Motorola 68060 CPU Test On Amiga 1200 Blizzard PPC 603p 330MHz


There is an LC (Low-Cost) version, without an FPU[3] and EC (Embedded Controller), without MMU and FPU. The 68060 design was led by Joe Circello.

The 68060 shares most architectural features with the P5 Pentium. Both have a very similar superscalar in-order dual instruction pipeline configuration,[2] and an instruction decoder which breaks down complex instructions into simpler ones before execution. However, a significant difference is that the 68060 FPU is not pipelined and is therefore up to three times slower than the Pentium in floating point applications. In contrast to that, integer multiplications and bit shifting instructions are significantly faster on the 68060. The 68060 has the ability to execute simple instructions in the address generation unit (AGU) and thereby supply the result two cycles before the ALU. In the development of the 68060, large amounts of commercial compiled code were analyzed for clues as to which instructions would be the best candidates for performance optimization.

Against the Pentium, the 68060 can perform better on mixed code; Pentium’s decoder cannot issue an FP instruction every opportunity and hence the FPU is not superscalar as the ALUs were. If the 68060’s non-pipelined FPU can accept an instruction, it can be issued one by the decoder. This means that optimizing for the 68060 is easier: no rules prevent FP instructions from being issued whenever was convenient for the programmer other than well understood instruction latencies. However, with properly optimized and scheduled code, the Pentium’s FPU is capable of double the clock for clock throughput of the 68060’s FPU.

The 68060 is the last development of the 68000 family for general purpose use, abandoned in favor of the PowerPC chips. It saw use in some late-model Amiga machines and Amiga accelerator cards as well as some Atari ST clones and Falcon accelerator boards (CT60/CT63/CT60e, the latter of which was created in 2015), and very late models of the Alpha Microsystems multiuser computers before their migration to x86, but Apple Inc. and the Unix world had moved onto various RISC platforms by the time the 68060 was available. The 68060 was introduced at 50 MHz on Motorola’s 0.6 µm manufacturing process. A few years later it was shrunk to 0.42 µm and clock speed raised to 66 MHz and 75 MHz. Some users were managed to overclock rev6. 68060 CPU-s up to 120 or 133 MHz.

CPU clock rate 50, 60, 66, 75, 80, 110, 120, 133 MHz
Voltage supply
Vcore 3.3 V
I/O 5 V
Temperature −40 °C .. 70 °C (85 °C with the current mask)
Logic family Static CMOS
Production process CMOS 0.6 μm and later 0.42 μm
Chip carrier PGA 206 (compatible with 68040), TBGA 304 31*31*1.7P1.27
Address bus 32 bit
Data bus 32 bit
Instruction set CISC
Cache
8 KB DCache (4-way associative)
8 KB ICache (4-way associative)
96 byte FIFO Instruction Buffer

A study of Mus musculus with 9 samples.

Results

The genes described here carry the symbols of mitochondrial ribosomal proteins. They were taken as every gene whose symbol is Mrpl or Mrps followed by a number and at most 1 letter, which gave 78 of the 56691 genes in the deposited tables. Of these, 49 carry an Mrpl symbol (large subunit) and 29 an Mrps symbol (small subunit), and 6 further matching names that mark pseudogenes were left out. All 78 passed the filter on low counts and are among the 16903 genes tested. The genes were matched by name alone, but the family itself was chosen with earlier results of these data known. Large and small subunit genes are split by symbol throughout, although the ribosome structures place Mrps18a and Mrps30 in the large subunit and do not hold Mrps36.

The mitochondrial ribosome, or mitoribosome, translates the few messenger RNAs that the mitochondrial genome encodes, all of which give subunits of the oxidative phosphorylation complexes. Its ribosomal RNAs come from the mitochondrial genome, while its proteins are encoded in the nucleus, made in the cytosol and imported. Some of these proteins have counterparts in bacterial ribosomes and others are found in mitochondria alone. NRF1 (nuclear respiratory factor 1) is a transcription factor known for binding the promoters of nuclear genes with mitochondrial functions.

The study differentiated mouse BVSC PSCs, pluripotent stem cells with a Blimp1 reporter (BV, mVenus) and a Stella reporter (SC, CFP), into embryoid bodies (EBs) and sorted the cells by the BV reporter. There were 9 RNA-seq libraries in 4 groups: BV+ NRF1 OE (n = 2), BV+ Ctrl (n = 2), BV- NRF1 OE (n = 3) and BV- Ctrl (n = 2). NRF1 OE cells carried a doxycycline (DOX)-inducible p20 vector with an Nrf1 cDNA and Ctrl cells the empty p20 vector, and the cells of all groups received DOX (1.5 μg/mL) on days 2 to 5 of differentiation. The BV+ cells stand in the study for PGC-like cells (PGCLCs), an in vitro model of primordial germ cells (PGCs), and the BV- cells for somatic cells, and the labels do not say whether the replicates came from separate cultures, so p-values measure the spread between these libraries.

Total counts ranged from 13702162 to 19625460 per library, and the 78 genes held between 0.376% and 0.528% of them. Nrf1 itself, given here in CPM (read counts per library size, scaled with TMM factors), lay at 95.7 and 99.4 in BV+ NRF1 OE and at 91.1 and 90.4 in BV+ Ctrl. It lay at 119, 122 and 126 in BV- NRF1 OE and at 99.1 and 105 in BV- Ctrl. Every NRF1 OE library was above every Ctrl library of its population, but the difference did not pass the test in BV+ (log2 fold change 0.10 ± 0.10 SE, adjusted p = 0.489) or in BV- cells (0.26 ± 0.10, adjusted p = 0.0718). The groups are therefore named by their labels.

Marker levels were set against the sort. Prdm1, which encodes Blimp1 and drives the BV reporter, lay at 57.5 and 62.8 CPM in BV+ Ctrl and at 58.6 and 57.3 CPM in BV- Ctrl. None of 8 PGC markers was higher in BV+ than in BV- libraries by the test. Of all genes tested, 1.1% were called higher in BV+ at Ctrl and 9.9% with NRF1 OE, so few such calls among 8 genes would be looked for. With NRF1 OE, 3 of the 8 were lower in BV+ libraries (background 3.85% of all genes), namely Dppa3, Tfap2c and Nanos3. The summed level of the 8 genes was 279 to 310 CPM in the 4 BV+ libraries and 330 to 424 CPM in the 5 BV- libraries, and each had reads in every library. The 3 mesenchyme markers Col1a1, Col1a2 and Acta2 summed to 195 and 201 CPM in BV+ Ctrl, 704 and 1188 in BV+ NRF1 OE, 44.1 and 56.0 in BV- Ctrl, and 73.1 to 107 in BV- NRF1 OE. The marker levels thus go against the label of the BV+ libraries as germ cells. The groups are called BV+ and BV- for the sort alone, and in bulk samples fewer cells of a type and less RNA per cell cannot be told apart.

256 Entry Branch Cache
64 Entry ATC* MMU Buffer (4-way associative)
Register
8 for Address operations
8 for Data operations
Transistors ~2,500,000
Performance
~88 MIPS @ 66 MHz
~110 MIPS @ 75 MHz
~36 MFlops @ 66 MHz
~160 MIPS @ 120 MHz[13]

Developments of the basic core continue, intended for embedded systems. Here they are combined with a number of peripheral interfaces to reduce the overall complexity and power requirements of a design. A number of chips, each with different sets of interfaces, are sold under the names ColdFire and DragonBall.

The 68060 has a history in American broadcast television graphics. Chyron’s iNFiNiT!, Max!, and Maxine! series of television character generators use the 68060 as the main processor. These character generators were a fixture on many American television networks’ affiliate stations.[5]

In desktops, the 68060 is used in some variants of the Amiga 4000T produced by Amiga Technologies,[6] and available as a third party upgrade for other Amiga models. It is also used in the Amiga clone DraCo non-linear video system.[7]

The Q60 extended the Sinclair QL design similarly from the slowest start to the ultimate pace of the 68K architecture’s capabilities; these 68060-based motherboards[8]—at 66 MHz for the full 68060 or a non-FPU 68LC060 option overclocked to 80 MHz—are more than 100 times faster than the Sinclair QL while running the same operating systems.[9][10][11]

The 68060 was used in Nortel Meridian 1 Option 51, 61 and 81 large office PBX systems, powering the CP3 and CP4 core processor boards. A pair of these boards each sporting a 68060 could be used to make the PBX fault tolerant. This was a logical application as previous Meridian 1 cores used other Motorola chips. Nortel later changed the architecture to use Intel processors. [12]

The Motorola Vanguard 6560 multiprotocol router uses a 50 MHz 68EC060 processor.

Motorola MVME-17x and Force Computer SYS68K VMEbus systems use a 68060 CPU.